Add To Cart
|Title: 1 Samuel: Looking on the Heart (Focus on the Bible)|
By: Dale Ralph Davis
Number of Pages: 320
Vendor: Christian Focus
Publication Date: 1996
|Dimensions: 8.5 X 5.25 X 3.75 (inches)|
Weight: 12 ounces
Series: Focus on the Bible
Stock No: WW925165
2 Kings: The Power and the Fury (Focus on the Bible)Dale Ralph DavisChristian Focus / 2005 / Trade Paperback$12.99 Retail:4.5 Stars Out Of 5 3 Reviews
$17.99Save 28% ($5.00)
Proverbs: Everyday Wisdom for Everyone (Focus on the Bible)Eric LaneChristian Focus / 2007 / Trade Paperback$10.99 Retail:
$14.99Save 27% ($4.00)
Deuteronomy: The Commands of a Covenant God (Focus on the Bible)Allan HarmanChristian Focus / 2007 / Trade Paperback$11.99 Retail:
$15.99Save 25% ($4.00)
James: Wisdom for the Community (Focus on the Bible)Christopher W. Morgan, B. Dale EllenburgChristian Focus / Trade Paperback$11.99 Retail:
$15.99Save 25% ($4.00)
Davis brings cultural and historical colour to the task of interpretation and adds a pastors heart for personal application. You will find a point of contact with the lives of Samuel, Saul, Jonathan and David as Davis answers the question What does God seek when he looks on the heart? Davis presents simple exposition of the literary and theological character of the text in a bright and fascinating way.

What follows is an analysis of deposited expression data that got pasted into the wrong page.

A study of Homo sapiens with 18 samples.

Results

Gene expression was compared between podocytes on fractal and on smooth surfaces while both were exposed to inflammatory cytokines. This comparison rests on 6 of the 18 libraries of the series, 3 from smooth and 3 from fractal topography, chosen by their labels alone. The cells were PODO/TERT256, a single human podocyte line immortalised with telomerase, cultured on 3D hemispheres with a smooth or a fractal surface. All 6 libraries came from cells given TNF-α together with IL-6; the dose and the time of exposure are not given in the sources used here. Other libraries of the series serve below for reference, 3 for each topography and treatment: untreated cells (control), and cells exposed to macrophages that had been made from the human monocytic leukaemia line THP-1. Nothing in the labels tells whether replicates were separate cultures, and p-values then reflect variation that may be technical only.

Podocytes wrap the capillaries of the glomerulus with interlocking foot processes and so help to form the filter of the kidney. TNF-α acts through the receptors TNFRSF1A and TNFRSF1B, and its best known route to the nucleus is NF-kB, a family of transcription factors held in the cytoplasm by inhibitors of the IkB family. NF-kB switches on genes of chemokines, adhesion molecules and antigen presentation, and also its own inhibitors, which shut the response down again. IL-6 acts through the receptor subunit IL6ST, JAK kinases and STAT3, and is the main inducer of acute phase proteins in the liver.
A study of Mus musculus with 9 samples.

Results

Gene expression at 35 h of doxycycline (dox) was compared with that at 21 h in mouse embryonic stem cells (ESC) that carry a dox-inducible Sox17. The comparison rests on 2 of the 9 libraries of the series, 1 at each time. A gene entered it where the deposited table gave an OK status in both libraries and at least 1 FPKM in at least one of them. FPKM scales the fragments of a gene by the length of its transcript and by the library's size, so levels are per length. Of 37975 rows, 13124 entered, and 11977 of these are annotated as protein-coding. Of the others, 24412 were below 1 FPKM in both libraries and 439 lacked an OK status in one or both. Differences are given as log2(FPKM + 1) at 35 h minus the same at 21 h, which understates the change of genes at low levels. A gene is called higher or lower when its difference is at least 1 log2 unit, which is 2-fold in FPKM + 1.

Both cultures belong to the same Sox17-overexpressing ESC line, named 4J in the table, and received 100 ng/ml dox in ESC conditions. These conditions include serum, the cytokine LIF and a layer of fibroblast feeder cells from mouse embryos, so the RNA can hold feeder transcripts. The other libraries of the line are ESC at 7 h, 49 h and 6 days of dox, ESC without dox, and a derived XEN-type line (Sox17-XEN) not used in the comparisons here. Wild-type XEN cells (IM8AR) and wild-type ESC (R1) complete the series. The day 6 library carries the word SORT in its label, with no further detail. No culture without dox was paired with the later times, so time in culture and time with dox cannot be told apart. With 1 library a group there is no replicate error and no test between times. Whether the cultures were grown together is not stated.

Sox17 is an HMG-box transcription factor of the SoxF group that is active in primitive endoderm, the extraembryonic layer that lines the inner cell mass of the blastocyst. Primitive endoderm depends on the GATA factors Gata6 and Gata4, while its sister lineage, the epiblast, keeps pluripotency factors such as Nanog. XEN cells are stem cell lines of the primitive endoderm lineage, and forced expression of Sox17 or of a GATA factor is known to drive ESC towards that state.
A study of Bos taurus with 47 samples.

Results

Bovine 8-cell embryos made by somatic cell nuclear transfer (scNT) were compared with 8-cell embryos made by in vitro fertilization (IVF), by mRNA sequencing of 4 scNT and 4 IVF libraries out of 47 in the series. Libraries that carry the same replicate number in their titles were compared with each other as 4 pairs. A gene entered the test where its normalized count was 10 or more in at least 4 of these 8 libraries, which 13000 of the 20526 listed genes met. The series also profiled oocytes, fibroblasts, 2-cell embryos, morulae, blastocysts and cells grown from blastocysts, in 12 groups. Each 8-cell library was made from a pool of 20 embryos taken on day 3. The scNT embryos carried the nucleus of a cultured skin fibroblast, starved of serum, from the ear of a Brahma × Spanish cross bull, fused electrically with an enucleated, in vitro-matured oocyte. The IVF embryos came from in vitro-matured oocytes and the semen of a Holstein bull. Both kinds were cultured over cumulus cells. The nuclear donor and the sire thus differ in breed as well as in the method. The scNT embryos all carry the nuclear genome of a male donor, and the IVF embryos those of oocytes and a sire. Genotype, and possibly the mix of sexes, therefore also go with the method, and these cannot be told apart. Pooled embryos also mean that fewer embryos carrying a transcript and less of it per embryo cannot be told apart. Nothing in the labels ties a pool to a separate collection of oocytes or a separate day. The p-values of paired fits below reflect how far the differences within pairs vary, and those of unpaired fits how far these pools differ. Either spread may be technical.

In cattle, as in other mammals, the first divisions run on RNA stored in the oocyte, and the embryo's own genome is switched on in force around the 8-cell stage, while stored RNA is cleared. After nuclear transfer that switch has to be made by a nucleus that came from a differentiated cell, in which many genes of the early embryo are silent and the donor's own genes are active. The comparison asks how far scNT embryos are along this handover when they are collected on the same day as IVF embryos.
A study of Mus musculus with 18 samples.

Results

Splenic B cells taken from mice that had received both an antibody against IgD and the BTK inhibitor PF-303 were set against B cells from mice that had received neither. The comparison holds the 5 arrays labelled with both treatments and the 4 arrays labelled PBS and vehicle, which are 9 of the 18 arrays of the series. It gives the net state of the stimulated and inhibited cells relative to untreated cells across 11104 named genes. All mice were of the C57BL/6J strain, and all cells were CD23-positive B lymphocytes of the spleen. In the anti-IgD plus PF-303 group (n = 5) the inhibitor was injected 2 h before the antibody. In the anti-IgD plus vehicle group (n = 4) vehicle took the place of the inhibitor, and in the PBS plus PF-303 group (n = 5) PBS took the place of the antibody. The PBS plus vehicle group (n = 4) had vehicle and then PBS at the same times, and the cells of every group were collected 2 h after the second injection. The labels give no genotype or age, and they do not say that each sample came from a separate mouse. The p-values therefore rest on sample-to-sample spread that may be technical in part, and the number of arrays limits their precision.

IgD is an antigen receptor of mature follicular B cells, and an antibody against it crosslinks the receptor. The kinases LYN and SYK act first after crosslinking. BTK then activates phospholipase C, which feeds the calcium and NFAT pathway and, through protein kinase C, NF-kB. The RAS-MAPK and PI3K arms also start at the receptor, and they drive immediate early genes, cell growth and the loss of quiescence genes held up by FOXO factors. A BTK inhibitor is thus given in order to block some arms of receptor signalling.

A great feast of biblical truth made so digestible, garnished with so many apt illustrations.
presents historical and theological material in a way that can only excite the expositor.
readable and theologically reliable. This commentary is of value both as a book to be read and enjoyed and as a study book for preachers. It is excellent.
Enthusiasm for these commentaries is absolutely right. No preacher should be without them. No thoughtful Christian can fail to be excited and edified by them.
An excellent, crisp, lively exposition.
"A happy blend of exegetical and historical study on the one hand, and homiletical treatment and application on the other. Ideas pop out everywhere, even in the most unlikely places. New insights abound."
One of the reasons I enjoy Daviss exposition so much is that I feel confident that he has done his exegetical homework, and so is not just delivering blessed, unhistorical thoughts on the text. Yet at the same time, he applies the text so well.
The most practical expository work that this reviewer has ever encountered.
This is the best expository commentary I have read in many years. It is comprehensive, up to date and easily read.
This is a superbly easy-to-read book. But the thing I liked best was the incisive application. It is not possible to read this book and feel unchallenged.